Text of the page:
The “Where are they now?” genre of documentaries, reunion shows and micro-documentaries is littered with broken hearts and disappointment, falls from grace and once-iridescent dreams beaten down and dimmed. The question alone, “now” being the operative adverb, implies that these people have been forgotten, relegated to the shadowy margins of culture reserved for the has-beens, the burn-outs, the once-weres. But in spite of this bleak description, these programs are routinely imbued with a redemptive spirit. America, after all, loves nothing more than a good comeback story.
Related: last night, I watched the first episode of the newly revived Epicly Later’d, an awesomely titled Viceland series that “profiles legendary pro skaters for a look at their halcyon days and what they’re up to now.” The premiere’s subject was none other than Bam Margera, the smiley raconteur known more for his role in MTV’s Jackass, and, later, Viva La Bam, than his skating (although, as the episode frequently reminds us, Bam was a prodigious skater, too).
If you came of age in the aughts, like I did, you were probably aware of Jackass, even if just peripherally. Steve-O, Wee-Man, Bam, Ryan Dunn (who tragically died in a car accident in 2011) and the beatific ringleader, Johnny Knoxville were more or less the gang from Clockwork Orange, with ADHD, skateboards and way too much money. Though I never really enjoyed the show, I feel like I’ve seen it a billion times, watching with a mixture of horror and glee as a bunch of hooligans threw themselves off moving vehicles or snorted wasabi or took butt chugs or flailed around in a ball pit full of anacondas, which, even now, I can’t believe actually happened. Looking back, though, the crazier shit they did—the more cavalier they were with their bodies—the more invincible they appeared. Nobody on Jackass, it seemed, ever incurred an injury a beer and a few good laughs couldn’t remedy.
It’s this invincibility that makes Bam’s visage, however many years later, so jarring, even heartbreaking. To see Bam now, in this documentary—with a slight gut, thinning hair, a crowned tooth and eyes that bespeak a lifetime’s worth of bad hangovers—is to see an immortal fallen to earth, a powerful expression of the irrepressible id of youth beaten into submission by the passing of time. And booze. Bam, after rising to a peak of fame in his early-to-mid twenties, and especially following Dunn’s death, became a hardcore alcoholic. Returning to his Pennsylvania mansion in Epicly Later’d, which he used during the years of filming Viva La Bam, Margera, moseying around, notes that “it’s an amusement park that closed down, and now I’m stuck looking at it.” One gets the sense that he’s talking about more than just the house.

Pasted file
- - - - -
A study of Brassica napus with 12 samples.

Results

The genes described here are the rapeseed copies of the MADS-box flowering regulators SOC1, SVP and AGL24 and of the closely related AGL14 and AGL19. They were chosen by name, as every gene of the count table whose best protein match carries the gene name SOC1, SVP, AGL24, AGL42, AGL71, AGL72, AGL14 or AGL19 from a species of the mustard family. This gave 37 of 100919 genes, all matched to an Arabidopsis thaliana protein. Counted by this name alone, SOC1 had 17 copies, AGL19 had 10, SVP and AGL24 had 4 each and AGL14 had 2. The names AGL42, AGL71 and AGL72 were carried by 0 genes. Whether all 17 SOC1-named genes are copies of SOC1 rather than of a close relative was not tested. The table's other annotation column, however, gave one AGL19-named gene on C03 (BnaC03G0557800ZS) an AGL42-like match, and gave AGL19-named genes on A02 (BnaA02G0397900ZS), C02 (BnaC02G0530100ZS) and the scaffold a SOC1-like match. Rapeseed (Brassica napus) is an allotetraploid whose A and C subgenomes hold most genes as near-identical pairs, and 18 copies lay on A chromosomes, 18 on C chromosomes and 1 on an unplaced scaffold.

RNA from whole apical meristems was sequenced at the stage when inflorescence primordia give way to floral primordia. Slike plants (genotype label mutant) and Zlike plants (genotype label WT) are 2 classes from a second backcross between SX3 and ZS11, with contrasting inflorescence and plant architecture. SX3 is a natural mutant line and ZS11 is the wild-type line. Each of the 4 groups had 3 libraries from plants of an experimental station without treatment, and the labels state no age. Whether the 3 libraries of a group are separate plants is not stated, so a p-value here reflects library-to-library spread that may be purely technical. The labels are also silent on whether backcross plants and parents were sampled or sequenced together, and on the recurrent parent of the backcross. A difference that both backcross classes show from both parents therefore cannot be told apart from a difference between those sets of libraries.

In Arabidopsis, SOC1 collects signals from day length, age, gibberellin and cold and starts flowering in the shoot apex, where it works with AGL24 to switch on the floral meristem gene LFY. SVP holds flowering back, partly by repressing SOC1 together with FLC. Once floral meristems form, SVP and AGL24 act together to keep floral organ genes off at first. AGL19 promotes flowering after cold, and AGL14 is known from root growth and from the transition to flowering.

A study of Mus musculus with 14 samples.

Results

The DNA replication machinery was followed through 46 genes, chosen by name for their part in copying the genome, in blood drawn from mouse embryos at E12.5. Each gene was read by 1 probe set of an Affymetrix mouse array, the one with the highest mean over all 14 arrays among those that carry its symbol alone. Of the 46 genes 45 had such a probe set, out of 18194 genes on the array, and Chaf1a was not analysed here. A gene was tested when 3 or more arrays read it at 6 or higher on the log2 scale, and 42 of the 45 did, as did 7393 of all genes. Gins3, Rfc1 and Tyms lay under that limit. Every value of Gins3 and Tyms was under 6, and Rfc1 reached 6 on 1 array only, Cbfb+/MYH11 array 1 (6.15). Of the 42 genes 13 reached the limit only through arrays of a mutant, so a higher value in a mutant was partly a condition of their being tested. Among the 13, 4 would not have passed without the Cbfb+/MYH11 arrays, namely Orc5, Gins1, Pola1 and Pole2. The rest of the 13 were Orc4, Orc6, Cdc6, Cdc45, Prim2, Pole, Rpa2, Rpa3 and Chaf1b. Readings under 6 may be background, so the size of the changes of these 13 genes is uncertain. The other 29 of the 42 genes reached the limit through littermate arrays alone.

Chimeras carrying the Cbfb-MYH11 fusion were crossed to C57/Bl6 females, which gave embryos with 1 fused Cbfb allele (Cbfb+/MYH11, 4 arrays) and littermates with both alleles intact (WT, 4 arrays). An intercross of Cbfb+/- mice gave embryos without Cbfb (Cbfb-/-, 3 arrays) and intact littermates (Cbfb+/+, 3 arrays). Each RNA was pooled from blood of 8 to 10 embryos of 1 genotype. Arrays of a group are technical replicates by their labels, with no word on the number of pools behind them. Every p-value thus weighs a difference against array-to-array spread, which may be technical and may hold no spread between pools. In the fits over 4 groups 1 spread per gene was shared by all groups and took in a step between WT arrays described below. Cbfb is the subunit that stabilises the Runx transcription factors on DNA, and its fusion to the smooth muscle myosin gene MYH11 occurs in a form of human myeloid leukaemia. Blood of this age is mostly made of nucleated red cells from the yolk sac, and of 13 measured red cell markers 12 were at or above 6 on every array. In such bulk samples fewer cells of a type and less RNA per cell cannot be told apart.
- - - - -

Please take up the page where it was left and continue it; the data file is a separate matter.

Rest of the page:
The episode, while recounting Bam’s better days, also showcases his slow path to recovery, from Barcelona back to his hometown of Pennsylvania, with the support of his wife (now pregnant), his loving parents and his friend and recovering heroin addict, Brandon Novak. In this sense, it serves as a companion piece to Steve-O Rise & Demise, which aired on MTV in 2009. That documentary was similarly fascinating, alternately tragic and cathartic. (Steve-O was even more fucked up than Bam; with his insane whip-its addiction and nasty coke habit, which ultimately resulted in him losing his mind, he’s achieved an almost Keith Richards-esque status. It’s a wonder he’s still alive, and thriving.) But while Steve-O’s doc left fans thinking everything would be hunky-dory, Bam’s, which includes mention of a relapse, had me feeling unsure about his future.
And yet, there is something wonderfully uplifting about his story. Bam’s recovery appears to go hand-in-hand with his attempts to re-learn skateboarding. Going back to his roots, recapturing a central part of his pre-celebrity self, seems to be his new raison d’être. Where Viceland leaves him, he’s wiping out and getting back on his board, wiping out and getting back on, wiping out and getting back on.
Revealingly, he’s still not wearing a helmet.